Friday, Apr 6, 2012, 10:00 am
Labor Leaders Take Alabama Immigration Law Repeal Bid to Berlin
Foreign auto companies are a bedrock of Alabama’s economy. Hence it is ironic, civil rights activists say, that Alabama has perhaps the country’s most draconian law targeting immigrant workers—attacking people displaced by and working in the global economy while depending on this same economy for its economic survival.
At the Daimler AG annual shareholders meeting in Berlin April 4, U.S. labor and civil rights leaders said that unless the German company takes a stand on Alabama’s infamous anti-immigrant law, it is tacitly supporting a racist and unjust regime in a state where its Mercedes Benz factory is considered responsible for 10,000 jobs and $1.5 billion in economic impact.
United Steelworkers international vice president Fred Redmond and other representatives of the AFL-CIO and Latino rights groups demanded that Daimler join calls for a repeal of the Alabama law HB 56. They noted that Daimler was a founding member of the United Nations Global Compact, which calls on private businesses to use their influence to uphold human rights and universal values, and says that businesses are complicit if they are silent in the face of human rights abuses in their sphere of influence.
In March, civil rights activists and labor leaders attended Hyundai’s annual shareholder meeting in Seoul to make a similar point, as Colorlines reported, since Hyundai’s Alabama operations account for 2 percent of the state’s GDP. Depending whether the state legislature acts to repeal before then, they may also visit Honda’s shareholder meeting in Tokyo in June.
On April 2, Service Employees International Union (SEIU) and its affiliate, the Southern Regional Joint Board of Workers United, filed a complaint with the International Labour Organization’s Committee on Freedom of Association charging that the Alabama law denies civil rights to immigrants and minorities and also inhibits freedom of association for trade unions.
A letter from SEIU International President Mary Kay Henry and International Secretary-Treasurer Eliseo Medina to the ILO said the U.S. federal government needs to take more responsibility for preventing and repealing such state laws.
HB 56, which took effect last year, was modeled on Arizona’s notorious SB 1070 law but went even further. It has been blamed for forcing thousands of immigrants to leave the state, depopulating schools and communities. A recent study by a University of Alabama economist projected it could cost the state as much as $10.8 billion and more than 70,000 jobs lost annually.
The law authorizes racial profiling by police, mandates that schools determine the immigration status of students and their parents, prohibits landlords renting to undocumented immigrants and bars undocumented immigrants from looking for work or entering into legal contracts for anything from buying a home to opening an electric account.
Opponents say the law is unconstitutional in that it demands racial profiling and essentially forces people to carry documentation. According to the labor delegation, a German Mercedes Benz executive was actually jailed under the law because he was not carrying the right documents.
Redmond was joined at the shareholder meeting by National Council of La Raza board member Renata Soto and America’s Voice representative Patricia Kupfer, along with a representative from SEIU. Kupfer pointed out that she is the descendant of German immigrants, who like countless Americans’ predecessors would have been targeted by Alabama’s law if such a thing existed at the time. Soto told the Daimler executives that:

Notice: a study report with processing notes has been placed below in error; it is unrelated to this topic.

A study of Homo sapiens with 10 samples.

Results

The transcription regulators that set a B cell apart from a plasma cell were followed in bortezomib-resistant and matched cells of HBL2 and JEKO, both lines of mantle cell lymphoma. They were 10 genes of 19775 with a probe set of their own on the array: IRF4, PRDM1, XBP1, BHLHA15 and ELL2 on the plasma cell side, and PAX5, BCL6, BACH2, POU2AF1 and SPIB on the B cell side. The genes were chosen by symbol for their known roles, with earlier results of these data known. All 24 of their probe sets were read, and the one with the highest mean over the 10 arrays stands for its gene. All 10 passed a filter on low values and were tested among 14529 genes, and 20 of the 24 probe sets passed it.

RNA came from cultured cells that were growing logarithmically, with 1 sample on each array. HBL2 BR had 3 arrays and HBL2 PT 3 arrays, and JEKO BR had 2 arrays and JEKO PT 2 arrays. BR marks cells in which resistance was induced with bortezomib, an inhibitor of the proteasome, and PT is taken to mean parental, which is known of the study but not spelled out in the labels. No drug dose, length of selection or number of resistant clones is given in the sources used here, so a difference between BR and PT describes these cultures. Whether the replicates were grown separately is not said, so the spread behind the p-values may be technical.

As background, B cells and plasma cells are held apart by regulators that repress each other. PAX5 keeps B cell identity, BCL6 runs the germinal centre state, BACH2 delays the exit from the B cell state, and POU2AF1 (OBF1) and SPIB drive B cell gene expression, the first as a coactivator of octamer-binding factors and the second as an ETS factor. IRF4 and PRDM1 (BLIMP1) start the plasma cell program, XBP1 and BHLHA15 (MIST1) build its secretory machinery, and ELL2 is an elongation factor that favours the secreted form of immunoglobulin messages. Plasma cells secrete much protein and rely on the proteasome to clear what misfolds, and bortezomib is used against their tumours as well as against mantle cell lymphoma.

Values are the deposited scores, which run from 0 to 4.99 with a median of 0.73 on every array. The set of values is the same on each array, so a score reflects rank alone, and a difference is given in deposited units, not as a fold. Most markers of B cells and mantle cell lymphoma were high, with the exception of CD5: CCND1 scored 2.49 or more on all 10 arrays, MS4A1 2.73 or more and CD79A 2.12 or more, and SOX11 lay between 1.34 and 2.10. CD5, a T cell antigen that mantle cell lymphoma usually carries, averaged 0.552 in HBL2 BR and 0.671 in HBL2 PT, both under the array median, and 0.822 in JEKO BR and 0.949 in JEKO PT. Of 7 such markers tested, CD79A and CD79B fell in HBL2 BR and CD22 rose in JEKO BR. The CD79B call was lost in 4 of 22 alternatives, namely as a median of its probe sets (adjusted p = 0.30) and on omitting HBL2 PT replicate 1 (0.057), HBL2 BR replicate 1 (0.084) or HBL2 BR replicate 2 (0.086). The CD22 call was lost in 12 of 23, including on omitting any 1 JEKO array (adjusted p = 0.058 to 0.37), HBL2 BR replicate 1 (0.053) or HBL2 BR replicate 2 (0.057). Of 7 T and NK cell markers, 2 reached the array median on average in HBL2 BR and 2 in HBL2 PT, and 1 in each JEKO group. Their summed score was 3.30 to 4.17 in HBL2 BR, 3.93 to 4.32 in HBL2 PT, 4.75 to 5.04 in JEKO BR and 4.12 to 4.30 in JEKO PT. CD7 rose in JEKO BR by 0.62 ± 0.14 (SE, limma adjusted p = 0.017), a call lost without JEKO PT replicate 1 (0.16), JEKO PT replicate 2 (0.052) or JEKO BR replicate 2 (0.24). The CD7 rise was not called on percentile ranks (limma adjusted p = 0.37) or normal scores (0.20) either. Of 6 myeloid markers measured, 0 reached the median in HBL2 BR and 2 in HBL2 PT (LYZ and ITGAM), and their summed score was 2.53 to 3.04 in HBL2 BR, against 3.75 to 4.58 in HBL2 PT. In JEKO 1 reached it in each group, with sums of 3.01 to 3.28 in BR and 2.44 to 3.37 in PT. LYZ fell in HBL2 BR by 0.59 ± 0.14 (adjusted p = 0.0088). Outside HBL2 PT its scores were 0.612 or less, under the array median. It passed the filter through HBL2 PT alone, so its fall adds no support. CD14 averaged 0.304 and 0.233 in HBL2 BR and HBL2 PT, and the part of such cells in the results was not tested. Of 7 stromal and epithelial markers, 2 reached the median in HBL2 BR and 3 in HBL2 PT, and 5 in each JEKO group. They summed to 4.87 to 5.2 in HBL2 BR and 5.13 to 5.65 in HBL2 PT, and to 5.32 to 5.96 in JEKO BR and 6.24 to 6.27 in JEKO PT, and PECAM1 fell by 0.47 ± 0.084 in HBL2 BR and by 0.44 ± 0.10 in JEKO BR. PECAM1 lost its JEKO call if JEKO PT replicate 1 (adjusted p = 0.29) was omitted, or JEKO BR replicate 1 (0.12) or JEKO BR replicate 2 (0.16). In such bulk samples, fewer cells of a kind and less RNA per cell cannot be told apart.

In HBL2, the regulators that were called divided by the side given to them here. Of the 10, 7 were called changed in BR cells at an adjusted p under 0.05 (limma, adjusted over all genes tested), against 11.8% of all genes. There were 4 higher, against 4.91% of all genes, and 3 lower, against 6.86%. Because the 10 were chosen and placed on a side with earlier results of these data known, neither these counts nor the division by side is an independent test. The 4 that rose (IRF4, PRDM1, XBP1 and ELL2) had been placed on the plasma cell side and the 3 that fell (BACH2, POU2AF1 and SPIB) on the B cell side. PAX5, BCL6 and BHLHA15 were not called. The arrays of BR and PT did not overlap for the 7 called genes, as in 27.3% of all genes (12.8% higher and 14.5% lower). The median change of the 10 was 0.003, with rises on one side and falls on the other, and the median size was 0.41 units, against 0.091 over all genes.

This is very personal to me. In Alabama, i could be stopped by police officer just because of my brown hair and my Spanish accent.
She noted that the shareholder meeting fell on the anniversary of Dr. Martin Luther King Jr.’s assassination, and framed the Alabama law as a civil rights struggle that cannot be ignored:
You might argue that you do not want to become involved in a local political fight. But Alabama drew you and all of us into this fight when it passed this law. As one of the largest employers in the state, as the flagship company that revitalized the Alabama economy when the Confederate flag came down, Daimler is one of the few actors in the state that has the power to stop this law. You have the power to make the state Legislature listen.
An AFL-CIO backgrounder adds:
Mercedes-Benz built their Alabama plant after securing lucrative tax benefits from the government of Alabama and following the state government’s decision to remove the confederate flag from the state Capitol, a symbol that the state was ready to move beyond its bloody past of racial intolerance and violence. Mercedes and other manufacturers have located in Alabama because it has some of the worst labor protections in America. Alabama is a small state most famous for bloody protests in the 1960s over civil and human rights – a past that it is shamefully returning to.
Kari Lydersen, an In These Times contributing editor, is a Chicago-based reporter, author and journalism professor at Medill at Northwestern University, where she is fellowship director of the Social Justice News Nexus. Her work has appeared in the New York Times, the Washington Post, the Chicago Reader and The Progressive, among other publications. Her books include Mayor 1%: Rahm Emanuel and the Rise of Chicago's 99 Percent., Shoot an Iraqi: Art, Life and Resistance Under the Gun and Revolt on Goose Island: The Chicago Factory Takeover, and What it Says About the Economic Crisis.